I was 13 and sitting in your History class when it happened. It was probably just a throwaway comment to you, but it changed my life. You told me, in front of an entire class of girls, that I was stupid. You made me believe I was stupid. From then on, I didn't work hard at school, well, not in the subjects I wasn't good at. I figured that there was no point, seeing as I was stupid. Perhaps I was. I definitely wasn't the brightest girl in the room, but I had passed the same entrance exams as everyone else, and I wore the same uniform.
I left that school a year later, with absolutely no confidence academically. The new school tried their hardest to get me through my GCSE's, to nurture me and make me feel like I was the same as everyone else. It was too late though, the damage had been done. I didn't believe in myself, so why would I believe what others were saying about me? I left school at 16 with fairly mediocre GCSE's and an urge to work hard in whatever job I could find. I did work hard, and, along with a bit of luck, it paid off. Two years later, at the age of 18, I started working at the BBC in my dream job as a broadcast assistant, and then as an assistant producer in sports news.
I did well in my job. I worked hard. But I doubted myself, my ability, my intelligence. I started doing an English Literature A-level at college in my spare time. I did a two year course in one year and did well. At work I wasn't assertive enough, not willing enough to suck up to people or to say "look at me, look what I can do and what I am doing, look at the training I have put in place or the interviews I have arranged". In the industry I was in, others were only too keen to jump in and claim the credit. I missed out. When we moved from London to Yorkshire, I commuted for a while, but then got a job in a prison working as an administrator. A huge change from my previous role, but I really enjoyed it. I gained confidence working with a colleague who pointed out to others what I was doing well. I did another A-level, this time in Law, and again did well. I still didn't believe in myself.
Fast forward six years and I started temping in a hospital as a medical secretary. I was good at it and worked for a consultant who believed in me. He wanted me to push myself. To see what I could achieve. I started a degree with the Open University in Philosophy, Politics and Economics. I did the first two years, in between being pregnant, having babies and working full time. I did well. I got good grades and it felt good. When I was pregnant with my second daughter, working full time and looking after an 18 month old, I realised I couldn't do it any more. I didn't have the strength, either mentally or physically to carry on. So I quit the degree. The consultant didn't give in though, he told me to apply for full time university.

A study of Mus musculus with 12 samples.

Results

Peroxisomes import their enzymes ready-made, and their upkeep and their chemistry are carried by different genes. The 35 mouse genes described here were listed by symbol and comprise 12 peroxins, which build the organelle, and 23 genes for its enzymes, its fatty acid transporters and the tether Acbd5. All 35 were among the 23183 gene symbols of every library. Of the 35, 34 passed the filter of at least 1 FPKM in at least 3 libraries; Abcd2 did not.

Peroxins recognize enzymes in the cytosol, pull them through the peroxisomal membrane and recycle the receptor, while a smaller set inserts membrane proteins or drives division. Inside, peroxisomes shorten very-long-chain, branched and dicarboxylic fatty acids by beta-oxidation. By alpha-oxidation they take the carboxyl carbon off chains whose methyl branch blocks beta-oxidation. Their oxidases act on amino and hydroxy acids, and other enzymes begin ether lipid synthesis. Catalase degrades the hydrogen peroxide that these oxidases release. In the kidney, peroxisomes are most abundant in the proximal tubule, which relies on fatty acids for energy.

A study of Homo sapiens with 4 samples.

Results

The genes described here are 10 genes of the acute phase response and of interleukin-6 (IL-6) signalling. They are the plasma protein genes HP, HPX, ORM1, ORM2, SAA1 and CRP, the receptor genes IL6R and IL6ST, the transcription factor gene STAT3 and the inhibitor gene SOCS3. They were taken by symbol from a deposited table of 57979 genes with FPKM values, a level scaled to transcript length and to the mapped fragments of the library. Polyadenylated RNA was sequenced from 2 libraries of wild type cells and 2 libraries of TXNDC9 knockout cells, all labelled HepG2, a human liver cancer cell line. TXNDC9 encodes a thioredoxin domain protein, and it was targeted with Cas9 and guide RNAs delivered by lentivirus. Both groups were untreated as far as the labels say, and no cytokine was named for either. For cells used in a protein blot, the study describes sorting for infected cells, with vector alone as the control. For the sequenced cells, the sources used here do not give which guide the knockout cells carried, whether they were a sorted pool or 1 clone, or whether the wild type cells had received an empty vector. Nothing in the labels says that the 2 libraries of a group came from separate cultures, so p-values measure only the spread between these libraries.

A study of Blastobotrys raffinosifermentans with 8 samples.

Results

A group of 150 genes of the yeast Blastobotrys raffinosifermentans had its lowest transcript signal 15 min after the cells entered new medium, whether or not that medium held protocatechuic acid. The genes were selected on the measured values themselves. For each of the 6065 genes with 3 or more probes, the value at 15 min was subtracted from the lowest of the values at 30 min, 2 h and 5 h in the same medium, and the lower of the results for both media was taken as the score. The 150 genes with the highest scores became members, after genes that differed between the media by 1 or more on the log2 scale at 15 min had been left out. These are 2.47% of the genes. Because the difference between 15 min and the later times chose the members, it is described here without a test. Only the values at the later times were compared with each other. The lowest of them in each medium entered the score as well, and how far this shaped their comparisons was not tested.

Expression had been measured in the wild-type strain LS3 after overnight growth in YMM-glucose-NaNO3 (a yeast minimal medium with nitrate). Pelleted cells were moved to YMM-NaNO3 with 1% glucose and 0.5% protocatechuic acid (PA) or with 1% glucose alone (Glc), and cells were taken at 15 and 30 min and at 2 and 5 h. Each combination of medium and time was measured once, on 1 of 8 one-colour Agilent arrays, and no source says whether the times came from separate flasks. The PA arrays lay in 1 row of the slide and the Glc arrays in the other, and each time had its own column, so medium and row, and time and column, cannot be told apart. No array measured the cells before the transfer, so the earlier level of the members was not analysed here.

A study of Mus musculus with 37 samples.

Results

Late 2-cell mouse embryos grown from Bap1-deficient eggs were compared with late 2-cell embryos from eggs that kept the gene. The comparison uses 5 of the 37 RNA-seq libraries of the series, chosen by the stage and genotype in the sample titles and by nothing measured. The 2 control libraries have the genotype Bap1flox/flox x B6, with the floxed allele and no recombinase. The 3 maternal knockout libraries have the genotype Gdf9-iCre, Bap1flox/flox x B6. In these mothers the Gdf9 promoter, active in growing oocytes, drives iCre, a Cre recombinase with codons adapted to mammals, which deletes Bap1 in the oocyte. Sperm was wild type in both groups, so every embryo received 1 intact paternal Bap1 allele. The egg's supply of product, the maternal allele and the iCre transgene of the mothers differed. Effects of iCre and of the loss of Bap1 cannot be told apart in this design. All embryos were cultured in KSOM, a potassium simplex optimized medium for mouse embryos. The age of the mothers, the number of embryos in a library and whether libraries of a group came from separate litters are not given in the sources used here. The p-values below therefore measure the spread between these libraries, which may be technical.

The more I thought about it, the more it made sense. My salary wouldn't cover the cost of childcare, and we would get help with our childcare once I started the course. I applied to study Philosophy, Politics and Economics and was offered unconditional places in two different universities, York and Lancaster. I chose Lancaster and, when my daughter was six months old and I was 29 years old, I started university full-time.
I have adored university. I realised in second year that I love learning. Pushing myself, learning new boundaries, realising I could achieve good grades if I worked hard enough. It's been a tough three years. On top of the university workload I have had two children to look after and we have dealt with my dad having a heart attack, my husband break his toe, elbow and seriously damage his knee, my grandma being diagnosed with terminal cancer.
I did it though. I worked hard, pushed myself to limits I didn't know I had and I got a 2:1. I am proud of myself. I am proud of my family for supporting me and being there whenever I needed them. This week I graduated. One of the most surreal moments of my life. Me, the stupid girl, graduating with a 2:1 in PPE from a top ten university. I did it!
You know what? You shouldn't have told a 13 year old girl that she was stupid. Least of all in front of an entire class. Your comment damaged me more than you can ever know. Even now, even with all I have achieved, there is still a niggle in the back of my mind. A little voice which tells me I won't be able to do it, that I'm not clever enough, not good enough. I am still fighting the feeling which you started twenty years ago. Whilst I wouldn't change my life, I am finally beginning to realise that I am not in fact stupid. I shouldn't have wrestled with this for such a huge part of my life. If there are any other teachers out there, please realise that what you say can have a huge impact on your students.